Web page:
In 2006, South Carolina hosted Tennessee in a game that was visited by ESPN’s weekly pregame show, College GameDay. As is regularly the case, fans came to hold up posters and wave flags in the background of the GameDay set, but one flag drew the ire of South Carolina head coach Steve Spurrier.
The Confederate flag.
“(It) was embarrassing to me and I know embarrassing to our state,” Spurrier would later be on record of saying. Despite being the visionary he can be, surely Spurrier had few expectations his quotes about the Confederate flag would be resurfacing in South Carolina roughly eight years later.
The recent mass shooting in Charleston, South Carolina has done just that after a terrorist opened fire and killed nine inside the historic Emmanuel Methodist Church in Charleston. In response to the mass shooting, the Confederate flag on the grounds of the statehouse in Columbia was not lowered to half-staff like other flags. According to NBC News, it can’t be changed in any way without a sign-off from the General Assembly. Considering the history the flag still represents to this day for so many, it has become a symbol of the racial tension that continues to exist in our nation. And with the amount of coverage devoted to racial tension in recent years, not lowering the Confederate flag has become even more of a sticking point in the days after the tragedy in Charleston.
Which brings us back to Spurrier’s 2007 comments. Spurrier knows he is a football coach, and his job is to promote the Gamecocks football program as well as the University of South Carolina. And he does believe there is a political barrier he should probably ignore for the most part, but this is why his comments on the flag should be remembered. Spurrier may not think it is right to get involved in political issues, but this is more about human decency and civil rights than it is strictly politics. Also, when Spurrier speaks, people listen.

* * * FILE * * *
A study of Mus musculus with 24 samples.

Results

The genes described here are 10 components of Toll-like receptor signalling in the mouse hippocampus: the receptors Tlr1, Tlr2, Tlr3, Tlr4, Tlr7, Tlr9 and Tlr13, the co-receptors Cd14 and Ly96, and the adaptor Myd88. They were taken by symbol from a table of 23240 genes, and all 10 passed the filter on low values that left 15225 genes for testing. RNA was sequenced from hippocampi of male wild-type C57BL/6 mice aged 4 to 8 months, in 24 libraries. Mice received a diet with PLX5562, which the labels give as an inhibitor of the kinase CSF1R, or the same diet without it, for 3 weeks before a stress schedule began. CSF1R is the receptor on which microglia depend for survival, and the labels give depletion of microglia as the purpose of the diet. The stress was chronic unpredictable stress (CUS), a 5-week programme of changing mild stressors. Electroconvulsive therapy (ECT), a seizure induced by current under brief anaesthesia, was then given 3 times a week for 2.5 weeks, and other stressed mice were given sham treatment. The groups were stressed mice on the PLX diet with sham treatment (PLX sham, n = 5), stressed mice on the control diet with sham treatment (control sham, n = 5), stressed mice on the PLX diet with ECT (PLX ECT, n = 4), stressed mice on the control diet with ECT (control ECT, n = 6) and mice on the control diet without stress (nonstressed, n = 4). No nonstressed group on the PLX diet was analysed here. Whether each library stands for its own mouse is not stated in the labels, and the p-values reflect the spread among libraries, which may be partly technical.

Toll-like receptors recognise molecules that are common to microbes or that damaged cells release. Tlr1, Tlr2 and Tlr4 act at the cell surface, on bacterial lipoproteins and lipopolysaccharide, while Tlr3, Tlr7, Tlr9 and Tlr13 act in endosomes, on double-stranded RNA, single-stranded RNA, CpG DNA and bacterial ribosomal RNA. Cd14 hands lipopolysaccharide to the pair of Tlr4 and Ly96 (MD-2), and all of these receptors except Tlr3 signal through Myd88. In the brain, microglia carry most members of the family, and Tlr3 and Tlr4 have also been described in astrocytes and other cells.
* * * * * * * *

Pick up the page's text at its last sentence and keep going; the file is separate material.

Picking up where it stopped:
“I realize I’m not supposed to get in the political arena as a football coach, but if anybody were ever to ask me about that damn Confederate flag, I would say we need to get rid of it. I’ve been told not to talk about that. But if anyone were ever to ask me about it, I certainly wish we could get rid of it.”
Coaches should never be afraid to get involved in political conversation or real-world topics. Regardless on where they happen to stand on certain issues, college football coaches have a powerful voice in our communities, and the messages they send tend to resonate on a level politicians can not reach. Speaking out for what they believe can be good for open discussion on important issues, and in South Carolina the topic of the Confederate flag is a good one to continue discussing.
“My opinion is we don’t need the Confederate flag at our Capitol,” Spurrier said in 2007. “I don’t really know anybody that wants it there, but I guess there are a lot of South Carolinians that do want it there.”
Spurrier gets it. He knows some people see the flag one way while others see it another way. Ultimately, like a statue, a flag is given meaning by the people. Not everybody will view a flag or a statue in the same regard, and perhaps they never will. But if Spurrier or anyone else wants to share their opinions on such manners, we should be willing to listen.
Helmet sticker to SB Nation for digging up those old Spurrier quotes.